A goodly number of organizations are on a path to incremental transformations of their business to digital. There seems to be a consensus that the user experience is a great place to start. Some organizations are starting with a "Mobile First" approach while others are looking at customer journeys. See http://jimsinur.blogspot.com/2015/05/dangers-in-first-steps-of-digital.html
Still others are looking at end to end processes that usually include value or supply chains. Since there is pressure to get going, decisions are being made on technology bases that might create regret later. While technology should not be the driver, but looking at the opportunities and constraints that each type of platform brings should be an exercise that organizations should be doing. Also organizations will have to pick an approach for integrated versus hybrid. Most likely all platforms will support social, mobile and cloud approaches. If they don't, consider this a warning sign.
Business loves to have a complete application, out of the box to support their business. While this is the dream and might be a good place to start, watch out for picking applications with rigid platforms that are hard to upgrade and difficult to leverage business differentiation. Quite often you are locked into a business model, so these are great for standard business models and functions. Beware that these approaches solidify the silo approaches as well. Look for a liquid infrastructure and easy modification capabilities.
Process platforms are quite often quite capable of supporting multiple styles of processes (emerging or static) and have enough pattern recognition and analytic capabilities to be helpful. These are what I call the "Swiss Army Knife" approach. If they have smart process applications that come with the platform, they are more valuable. If they come with rich analytical capabilities like next best action and cognitive computing features, they can be even more valuable. Make sure there is enough additive business capability to make them desirable.
Analytic platforms come with a richness of pattern recognition and decision support and work with large amounts of "in memory big data" to help guide business decisions. The problem with this approach is that they are not linked to actions and rarely work at the faster speeds required by the "IoT" This is what I call "the brain on a stick approach"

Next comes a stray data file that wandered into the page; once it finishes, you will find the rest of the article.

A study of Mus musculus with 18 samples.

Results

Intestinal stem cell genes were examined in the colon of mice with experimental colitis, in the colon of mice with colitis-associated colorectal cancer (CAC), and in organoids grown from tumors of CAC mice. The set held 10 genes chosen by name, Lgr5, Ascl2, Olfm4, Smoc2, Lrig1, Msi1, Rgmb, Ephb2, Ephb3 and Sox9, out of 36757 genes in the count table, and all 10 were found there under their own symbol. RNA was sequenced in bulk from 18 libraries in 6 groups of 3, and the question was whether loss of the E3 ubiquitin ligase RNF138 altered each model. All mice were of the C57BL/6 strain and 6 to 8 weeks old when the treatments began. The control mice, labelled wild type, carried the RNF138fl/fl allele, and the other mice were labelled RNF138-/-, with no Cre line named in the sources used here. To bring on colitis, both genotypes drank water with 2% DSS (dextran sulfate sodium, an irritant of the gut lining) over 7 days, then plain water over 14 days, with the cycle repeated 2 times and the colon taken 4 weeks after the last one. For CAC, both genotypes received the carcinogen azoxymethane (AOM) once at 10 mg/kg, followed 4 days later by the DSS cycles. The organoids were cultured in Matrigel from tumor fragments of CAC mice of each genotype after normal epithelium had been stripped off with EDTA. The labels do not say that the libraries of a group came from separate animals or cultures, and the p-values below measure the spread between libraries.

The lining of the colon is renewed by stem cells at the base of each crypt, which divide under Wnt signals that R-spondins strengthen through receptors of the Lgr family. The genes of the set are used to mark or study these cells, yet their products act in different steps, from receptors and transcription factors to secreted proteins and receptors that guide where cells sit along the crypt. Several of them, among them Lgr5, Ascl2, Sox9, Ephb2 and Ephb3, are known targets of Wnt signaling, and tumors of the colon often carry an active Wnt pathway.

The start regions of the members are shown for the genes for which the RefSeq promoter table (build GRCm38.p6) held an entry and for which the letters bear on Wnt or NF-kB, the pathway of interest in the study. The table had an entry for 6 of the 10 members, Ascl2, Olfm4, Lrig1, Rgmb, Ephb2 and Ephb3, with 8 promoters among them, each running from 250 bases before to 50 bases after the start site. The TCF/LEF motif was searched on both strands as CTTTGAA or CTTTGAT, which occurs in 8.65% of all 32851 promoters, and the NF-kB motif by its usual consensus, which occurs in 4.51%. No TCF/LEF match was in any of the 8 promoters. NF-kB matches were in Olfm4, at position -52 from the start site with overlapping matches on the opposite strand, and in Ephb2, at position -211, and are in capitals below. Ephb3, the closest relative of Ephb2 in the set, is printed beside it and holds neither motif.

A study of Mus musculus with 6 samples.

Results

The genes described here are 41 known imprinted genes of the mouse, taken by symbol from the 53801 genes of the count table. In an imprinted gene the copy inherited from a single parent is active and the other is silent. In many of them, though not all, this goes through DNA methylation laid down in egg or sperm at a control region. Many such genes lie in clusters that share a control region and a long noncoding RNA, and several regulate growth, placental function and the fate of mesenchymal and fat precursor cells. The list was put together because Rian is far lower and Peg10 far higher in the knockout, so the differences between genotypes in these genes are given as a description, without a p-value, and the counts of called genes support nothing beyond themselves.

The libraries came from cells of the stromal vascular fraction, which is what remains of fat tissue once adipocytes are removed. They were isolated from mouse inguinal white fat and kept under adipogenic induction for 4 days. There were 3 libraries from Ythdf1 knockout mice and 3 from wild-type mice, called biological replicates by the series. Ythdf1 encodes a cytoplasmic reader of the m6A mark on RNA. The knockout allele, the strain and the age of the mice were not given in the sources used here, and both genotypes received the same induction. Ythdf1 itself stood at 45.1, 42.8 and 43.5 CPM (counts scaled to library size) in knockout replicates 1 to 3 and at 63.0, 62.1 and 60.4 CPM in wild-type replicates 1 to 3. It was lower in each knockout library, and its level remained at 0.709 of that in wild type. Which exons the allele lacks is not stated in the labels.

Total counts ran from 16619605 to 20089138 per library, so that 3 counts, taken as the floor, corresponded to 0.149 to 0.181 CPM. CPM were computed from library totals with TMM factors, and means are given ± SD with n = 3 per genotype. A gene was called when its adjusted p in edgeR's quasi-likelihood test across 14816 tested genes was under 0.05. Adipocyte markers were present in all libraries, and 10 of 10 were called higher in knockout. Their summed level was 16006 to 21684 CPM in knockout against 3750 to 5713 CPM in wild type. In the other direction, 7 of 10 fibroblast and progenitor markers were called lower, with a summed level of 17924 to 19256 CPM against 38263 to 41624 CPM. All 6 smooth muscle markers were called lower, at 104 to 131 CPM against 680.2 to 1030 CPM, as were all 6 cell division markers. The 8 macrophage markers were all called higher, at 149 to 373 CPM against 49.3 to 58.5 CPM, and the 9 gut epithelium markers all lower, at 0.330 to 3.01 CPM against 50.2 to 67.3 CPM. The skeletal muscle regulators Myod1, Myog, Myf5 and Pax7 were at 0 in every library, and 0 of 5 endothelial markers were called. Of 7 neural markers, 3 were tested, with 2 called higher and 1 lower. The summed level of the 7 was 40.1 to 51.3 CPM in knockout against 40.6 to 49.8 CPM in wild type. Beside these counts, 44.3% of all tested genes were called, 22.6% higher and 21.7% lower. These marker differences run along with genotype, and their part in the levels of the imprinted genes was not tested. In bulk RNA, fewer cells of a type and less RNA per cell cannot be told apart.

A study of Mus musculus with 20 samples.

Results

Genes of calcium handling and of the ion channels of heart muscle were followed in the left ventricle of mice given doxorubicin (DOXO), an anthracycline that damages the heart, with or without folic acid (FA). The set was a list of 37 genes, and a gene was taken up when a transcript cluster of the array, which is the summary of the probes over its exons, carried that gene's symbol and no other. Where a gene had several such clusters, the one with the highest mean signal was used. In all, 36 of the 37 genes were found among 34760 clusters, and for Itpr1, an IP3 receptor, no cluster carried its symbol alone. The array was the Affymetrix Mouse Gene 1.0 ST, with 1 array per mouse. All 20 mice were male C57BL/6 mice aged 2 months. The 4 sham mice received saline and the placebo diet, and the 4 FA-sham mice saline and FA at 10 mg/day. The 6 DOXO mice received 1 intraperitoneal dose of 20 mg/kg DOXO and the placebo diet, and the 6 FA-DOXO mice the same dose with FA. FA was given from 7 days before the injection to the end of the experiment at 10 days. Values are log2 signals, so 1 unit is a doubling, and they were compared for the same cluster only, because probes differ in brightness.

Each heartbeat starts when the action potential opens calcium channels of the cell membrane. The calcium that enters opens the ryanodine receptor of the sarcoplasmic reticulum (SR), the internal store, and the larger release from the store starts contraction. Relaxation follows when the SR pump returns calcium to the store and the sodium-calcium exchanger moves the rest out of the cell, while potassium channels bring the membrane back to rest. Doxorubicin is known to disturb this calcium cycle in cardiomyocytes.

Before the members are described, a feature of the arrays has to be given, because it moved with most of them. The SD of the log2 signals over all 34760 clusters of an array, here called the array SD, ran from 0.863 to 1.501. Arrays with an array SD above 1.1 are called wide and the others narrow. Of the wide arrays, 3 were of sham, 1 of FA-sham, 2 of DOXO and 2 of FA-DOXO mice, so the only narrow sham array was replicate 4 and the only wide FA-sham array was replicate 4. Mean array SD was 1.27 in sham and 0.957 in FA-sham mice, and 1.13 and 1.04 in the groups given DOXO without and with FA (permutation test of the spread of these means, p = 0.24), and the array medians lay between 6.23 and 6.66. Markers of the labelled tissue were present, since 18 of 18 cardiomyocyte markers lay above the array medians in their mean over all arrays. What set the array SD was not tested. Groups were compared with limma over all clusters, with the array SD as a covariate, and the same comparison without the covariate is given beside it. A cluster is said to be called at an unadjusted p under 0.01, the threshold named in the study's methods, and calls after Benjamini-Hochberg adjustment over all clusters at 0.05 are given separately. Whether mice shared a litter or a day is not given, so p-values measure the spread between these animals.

Some platforms are great at the "first mile" and support smart capture and even support multiple content types including "micro content". Make sure there is an integrated analytic and process platform. It is a bonus if they come with smart process applications on top of the content.
Some platforms are great as a data and complex event integration hub and can bring together multiple legacy applications and data streams. This is essential infrastructure for the digital world, but make sure they are more than a "bus stop" and can support being a digital nervous system that can support process and analytic capabilities as well.
Hybrid vs Integrated:
Organizations have to decide if they want individual platform stacks (like many individual oil rigs) that they transport between or a planned integrated approach that easily works at convenient speed and low transportation costs. Some integrated vendors are warning about "Franken Stacks" and others are warning about "Integrated Average". Either way, watch out for "lock in" and inability to play well with others. This is true when you pick a core that might need future augmentation. Some vendors can support multiple stack approaches like an agile process platform combined with applications and just enough analytic capabilities.
Organizations have to start somewhere and the decision on platforms will likely be quick. Organizations will have to decide is they want best of brand which means you have faith in particular vendor stack / platform or a best of breed approach that combines the best of optimized capabilities. Big decisions are looming right now that could create downstream opportunities or problems.